Star Trek: Picard executive producers Alex Kurtman and Heather Kadin’s thoughts on “toxic fandom” were recently revealed in a brand new interview.

Space.com’s Scott Snowden recently published an interview he conducted with the executive producers back in January during the series premiere for Star Trek: Picard.

Heather Kadin

At the beginning of the interview, Kadin makes it clear that they do listen to fan feedback, “We always read feedback. I think it’s invaluable.”


“But I think there’s a lot of value in seeing that a group of fans react to a decision we’ve made in a positive or negative way, because I think ultimately there are people who have been fans of this show for 50 years … and who feel an ownership of this show beyond what we’re doing with it,” she added.

She’d conclude saying, “So I think to not listen to those reactions and listen to those criticisms, positive and negative, would be to do our own selves a disservice.”

Alex Kurtzman interview

Kurtzman would also add his thoughts, “The fans have kept ‘Star Trek’ alive for over 50 years. Their voice has actually been the most pervasive of all, and I think it truly belongs to them.”


As for whether or not he believes Star Trek fans are toxic, Kurtzman stated, “I don’t perceive them as toxic, actually. I think there’s a difference between debate and toxicity. Debate is essential. My feeling is that if you’re at a 50/50 split, you’re probably doing well. It’s when you’re at 90/10 that you’re in trouble.”

He then stated, “So generally, my feeling is that we listen, we try and incorporate what they have to say — and we’re writing as fans ourselves, so it would be foolish of us not to do that.”

Related: Jonathan Frakes On Star Trek: Picard Critics: “They Are Watching to Make Sure They Hate It.”

Kurtzman and Kadin’s comments are quite a bit different from Picard actor Jonathan Frakes.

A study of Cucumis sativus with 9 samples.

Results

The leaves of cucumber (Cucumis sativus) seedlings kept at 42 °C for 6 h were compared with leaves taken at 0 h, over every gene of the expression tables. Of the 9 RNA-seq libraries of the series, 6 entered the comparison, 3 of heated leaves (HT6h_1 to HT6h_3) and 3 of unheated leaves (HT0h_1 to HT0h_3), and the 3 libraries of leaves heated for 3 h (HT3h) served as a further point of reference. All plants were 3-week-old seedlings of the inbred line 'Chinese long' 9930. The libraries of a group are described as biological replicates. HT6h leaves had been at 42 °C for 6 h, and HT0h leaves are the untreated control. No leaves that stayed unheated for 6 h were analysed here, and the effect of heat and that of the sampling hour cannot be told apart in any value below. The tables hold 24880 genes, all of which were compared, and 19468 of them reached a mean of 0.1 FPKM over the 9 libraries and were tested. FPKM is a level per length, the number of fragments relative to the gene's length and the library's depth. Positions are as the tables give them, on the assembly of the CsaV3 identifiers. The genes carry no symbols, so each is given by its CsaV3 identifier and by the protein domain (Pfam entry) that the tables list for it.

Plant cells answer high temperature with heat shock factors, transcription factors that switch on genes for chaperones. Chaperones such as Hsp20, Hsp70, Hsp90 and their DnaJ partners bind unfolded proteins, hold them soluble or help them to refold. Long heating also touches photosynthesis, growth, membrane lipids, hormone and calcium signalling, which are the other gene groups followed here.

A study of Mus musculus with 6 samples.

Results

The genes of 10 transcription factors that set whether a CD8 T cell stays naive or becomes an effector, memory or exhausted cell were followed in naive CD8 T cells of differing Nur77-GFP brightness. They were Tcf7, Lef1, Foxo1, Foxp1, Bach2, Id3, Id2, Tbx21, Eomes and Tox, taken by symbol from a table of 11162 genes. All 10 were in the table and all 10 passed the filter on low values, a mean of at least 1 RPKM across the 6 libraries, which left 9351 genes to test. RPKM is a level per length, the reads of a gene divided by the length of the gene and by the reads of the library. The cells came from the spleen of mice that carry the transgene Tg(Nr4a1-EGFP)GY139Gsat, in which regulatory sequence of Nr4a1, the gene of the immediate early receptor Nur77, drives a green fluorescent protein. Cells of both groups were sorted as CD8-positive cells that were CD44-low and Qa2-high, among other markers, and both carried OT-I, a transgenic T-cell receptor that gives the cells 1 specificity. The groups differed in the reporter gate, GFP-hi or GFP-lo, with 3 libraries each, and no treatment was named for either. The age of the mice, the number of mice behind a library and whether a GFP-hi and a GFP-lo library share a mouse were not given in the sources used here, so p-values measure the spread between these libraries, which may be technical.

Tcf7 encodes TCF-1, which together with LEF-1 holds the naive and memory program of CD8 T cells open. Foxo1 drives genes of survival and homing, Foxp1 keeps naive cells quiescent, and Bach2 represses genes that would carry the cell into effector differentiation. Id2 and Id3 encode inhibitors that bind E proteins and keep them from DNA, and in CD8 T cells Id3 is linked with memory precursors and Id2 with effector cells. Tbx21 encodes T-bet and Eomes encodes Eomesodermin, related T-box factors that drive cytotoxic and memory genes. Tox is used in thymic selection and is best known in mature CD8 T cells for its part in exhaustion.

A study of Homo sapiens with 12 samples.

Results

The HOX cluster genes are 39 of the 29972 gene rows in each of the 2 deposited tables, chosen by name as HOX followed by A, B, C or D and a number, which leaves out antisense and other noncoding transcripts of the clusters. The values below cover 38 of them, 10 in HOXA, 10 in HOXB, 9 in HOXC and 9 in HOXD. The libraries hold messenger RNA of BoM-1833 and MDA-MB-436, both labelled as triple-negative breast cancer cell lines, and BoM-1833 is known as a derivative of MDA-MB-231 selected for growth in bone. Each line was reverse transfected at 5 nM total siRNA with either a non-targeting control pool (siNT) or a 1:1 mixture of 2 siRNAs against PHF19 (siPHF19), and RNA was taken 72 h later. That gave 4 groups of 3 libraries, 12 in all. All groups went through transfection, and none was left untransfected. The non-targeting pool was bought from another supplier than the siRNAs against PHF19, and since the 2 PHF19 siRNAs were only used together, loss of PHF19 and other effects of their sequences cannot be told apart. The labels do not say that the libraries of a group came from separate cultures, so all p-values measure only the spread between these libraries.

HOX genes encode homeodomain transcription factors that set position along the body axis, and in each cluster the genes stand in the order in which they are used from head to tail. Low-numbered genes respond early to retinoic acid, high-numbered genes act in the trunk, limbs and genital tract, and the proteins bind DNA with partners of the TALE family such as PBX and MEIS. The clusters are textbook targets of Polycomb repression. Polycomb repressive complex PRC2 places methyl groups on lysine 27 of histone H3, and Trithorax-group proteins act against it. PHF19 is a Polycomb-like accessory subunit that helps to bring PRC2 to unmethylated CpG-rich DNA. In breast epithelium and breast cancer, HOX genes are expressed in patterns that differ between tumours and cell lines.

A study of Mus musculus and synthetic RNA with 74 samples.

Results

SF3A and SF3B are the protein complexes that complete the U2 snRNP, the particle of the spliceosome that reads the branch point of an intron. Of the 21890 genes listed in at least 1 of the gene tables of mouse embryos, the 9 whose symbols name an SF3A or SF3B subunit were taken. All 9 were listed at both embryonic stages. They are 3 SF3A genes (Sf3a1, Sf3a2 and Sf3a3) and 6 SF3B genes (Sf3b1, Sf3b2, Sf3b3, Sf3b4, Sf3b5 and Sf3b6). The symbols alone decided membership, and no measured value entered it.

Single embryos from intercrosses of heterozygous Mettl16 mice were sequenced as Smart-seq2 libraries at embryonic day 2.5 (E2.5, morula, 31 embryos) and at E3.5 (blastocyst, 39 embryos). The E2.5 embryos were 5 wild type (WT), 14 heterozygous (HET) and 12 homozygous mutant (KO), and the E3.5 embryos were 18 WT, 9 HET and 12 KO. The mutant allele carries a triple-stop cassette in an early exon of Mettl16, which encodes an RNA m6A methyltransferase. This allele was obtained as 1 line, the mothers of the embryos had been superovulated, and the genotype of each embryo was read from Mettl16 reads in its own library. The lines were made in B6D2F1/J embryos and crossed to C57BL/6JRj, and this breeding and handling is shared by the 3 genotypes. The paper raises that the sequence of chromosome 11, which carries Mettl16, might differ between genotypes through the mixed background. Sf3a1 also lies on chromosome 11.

Johnathan Frakes

Back in April, Frakes claimed that Star Trek critics will watch Picard just to make sure they hate it. He stated, “But they’ll watch it…They are watching to make sure they hate it.”


CBS All Access turned off comments on the first trailer and removed the counter from the like and dislike ratio.

Not only did they attempt to remove critics of the trailer by turning off comments, but they also began blocking YouTubers for commenting on the trailer.

Related: CBS Accused Of Blocking That Star Wars Girl’s Star Trek: Lower Decks Reaction and Review Video

Star Trek: Picard also had a pretty big viewership drop from its first episode to its final one.

According to Numeris, the first episode debuted with 1.851 million viewers in Canada. By the final episode, viewership had dropped to 1.382 million viewers. That’s over 25% of the audience dropping off in just 10 episodes.

Not only is it an over 25% decrease in viewership, but it’s almost a half million total drop. That’s quite a few people who tuned out of Star Trek: Picard.

It’ll be interesting to see if Kurtzman and Kadin live up to their words or if it’s just lip service.

What is your take on both Kurtzman and Kadin’s take on the fandom? Are they as open as they’re claiming? Or is this an example of lip service?